Students Tackle Haters and Trolls in #DigCit

#DigCit class this year tackled the topic of Hater and Trolls with help from Common Sense Media, to figure out what exactly a Hater and Troll really is. Once they watched the introduction video all the students posted on a Padlet; explaining something they learned, a takeaway they had, and what stuck with them the most from the video. You can look at the responses here--> Padlet . They continued their learning by watching and answering a corresponding question that paired with the video they watched. Their answers were put on a Google Slide and presented to the class. It was during these presentations that their peers evaluated each other based on the following criteria:

To see the peer evaluation form, click here--> Google Form

These presentations and their Padlet acted as a springboard for the next project. The project allows for anything that they wanted to learn more about based off of the presentations/Padlet completed by their peers. Per usual, the students had to choose a different platform they had not used before. During these presentations the students evaluated each other again (using this Google Form)  and gave shoutouts to their peers, that were completely student generated.  I compiled the shoutouts and then read them to the class the next day.  Each student had at least one shoutout. Within the peer review they got to choose whether or not their peer showed mastery of the new platform they choose, and if 90% of their peers agreed they did, they would receive a techspert badge. The students voted on the 90% threshold earlier in the year and they are the sole determiners of whether a techspert badge is awarded.  They then are the expert in the room with that platform.  They serve as a resource for both the class and me as we dive into new platforms for our digital work.

The students were assessed on how well they followed the following criteria:

You can check out some of the projects here:

Project Links:

If you would like it leave some comments for the students, I will share with them. Feel free to use the students' work as a resource when teaching/learning about haters and trolls.


My 3 Favorite Extensions: Update!

Since I last posted my favorite extensions, I have found a few more that I use on a daily basis now!

Google Keep

This has literally changed the way I do things both in school and for personal use.  Google Keep is an app that allows you to create a post it note, which you can change into an active checklist.  You can color code them and pin them.  All of this is SO handy!  However, the best two features are that you can share them and archive them.  Imagine yourself grocery shopping with a spouse or friend and you have to divide up to find things or are in a hurry.  Share the Keep and both of you can access the list and delete the items!  I have also used this for to do logistical event lists.  Typically, there is more than just me organizing an event and instead of texting back and forth or emailing what you have and have not done, each of the organizers can click an item to delete it or add an item.  The even better part is that for annual events, you can access this year's to do list next year!  So much better than hanging onto a piece of paper or searching for a document!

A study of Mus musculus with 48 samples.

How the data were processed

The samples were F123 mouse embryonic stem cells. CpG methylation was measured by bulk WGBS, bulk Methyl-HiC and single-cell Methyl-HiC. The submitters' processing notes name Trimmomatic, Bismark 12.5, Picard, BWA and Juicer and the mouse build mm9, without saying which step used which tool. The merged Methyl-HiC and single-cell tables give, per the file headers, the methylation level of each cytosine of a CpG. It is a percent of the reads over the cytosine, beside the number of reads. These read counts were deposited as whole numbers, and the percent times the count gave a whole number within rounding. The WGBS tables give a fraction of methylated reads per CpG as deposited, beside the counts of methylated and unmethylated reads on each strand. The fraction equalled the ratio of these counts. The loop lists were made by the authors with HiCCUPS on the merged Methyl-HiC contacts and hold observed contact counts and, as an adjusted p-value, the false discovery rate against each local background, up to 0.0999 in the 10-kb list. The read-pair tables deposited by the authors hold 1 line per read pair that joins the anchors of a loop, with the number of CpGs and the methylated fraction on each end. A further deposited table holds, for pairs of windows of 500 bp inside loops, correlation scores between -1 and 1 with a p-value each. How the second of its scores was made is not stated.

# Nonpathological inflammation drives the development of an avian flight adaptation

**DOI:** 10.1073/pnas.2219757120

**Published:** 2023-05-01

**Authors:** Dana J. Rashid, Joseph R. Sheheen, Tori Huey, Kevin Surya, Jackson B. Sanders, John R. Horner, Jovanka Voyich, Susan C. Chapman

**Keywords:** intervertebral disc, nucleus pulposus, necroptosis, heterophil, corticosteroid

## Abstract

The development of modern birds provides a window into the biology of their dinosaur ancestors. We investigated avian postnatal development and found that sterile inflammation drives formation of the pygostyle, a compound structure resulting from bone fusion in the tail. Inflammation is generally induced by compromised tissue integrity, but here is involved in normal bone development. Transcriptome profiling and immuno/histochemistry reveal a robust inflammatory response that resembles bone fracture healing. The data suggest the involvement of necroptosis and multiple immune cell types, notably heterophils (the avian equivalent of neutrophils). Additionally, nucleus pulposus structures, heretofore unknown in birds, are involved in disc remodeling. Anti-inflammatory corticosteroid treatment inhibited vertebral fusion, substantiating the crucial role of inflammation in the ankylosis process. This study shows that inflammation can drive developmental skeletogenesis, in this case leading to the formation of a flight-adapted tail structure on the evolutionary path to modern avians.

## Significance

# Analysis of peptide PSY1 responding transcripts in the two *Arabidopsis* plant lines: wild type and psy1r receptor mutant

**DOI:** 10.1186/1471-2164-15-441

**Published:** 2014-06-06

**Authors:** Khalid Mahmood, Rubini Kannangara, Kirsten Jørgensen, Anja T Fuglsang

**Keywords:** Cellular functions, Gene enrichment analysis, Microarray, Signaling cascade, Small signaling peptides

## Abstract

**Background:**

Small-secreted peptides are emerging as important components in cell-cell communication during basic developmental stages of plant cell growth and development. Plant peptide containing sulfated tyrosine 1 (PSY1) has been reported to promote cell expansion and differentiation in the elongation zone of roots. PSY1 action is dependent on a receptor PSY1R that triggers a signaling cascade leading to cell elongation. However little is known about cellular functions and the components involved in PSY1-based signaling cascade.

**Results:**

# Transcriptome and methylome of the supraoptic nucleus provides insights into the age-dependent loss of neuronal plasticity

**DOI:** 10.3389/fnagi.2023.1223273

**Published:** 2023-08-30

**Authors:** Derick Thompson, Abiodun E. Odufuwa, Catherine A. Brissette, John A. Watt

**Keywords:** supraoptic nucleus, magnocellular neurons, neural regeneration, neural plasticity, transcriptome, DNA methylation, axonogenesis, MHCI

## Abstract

Bitmoji's are a way for you to merge the emjois with your avatar.  This is a fun way to communicate, but also a way to add some fun and engagement on your feedback.  I use them not only on my feedback for written work, but also on my student created shout outs (they give each other a shout out through Google Form when doing peer evaluations and then I compile them and read them out loud in class the next day.   Fun way to jazz up your feedback!

Tab Suspender
I don't know about you, but my tabs typically look like this on my Chromebook

Needless to say, my battery life isn't all that great simply because I am making my Chromebook work harder with all of those tabs open.  Tab suspender will leave your tabs open, but suspend them from eating up valuable resources in memory and battery.  When you need that tab again, you simply click on it and then hover over the blue and white refresh arrow (see right pane below) and it comes back to life!  Speaking of life, since it works automatically, and I don't have to remember to enable it, my battery thanks me daily for using tab suspender.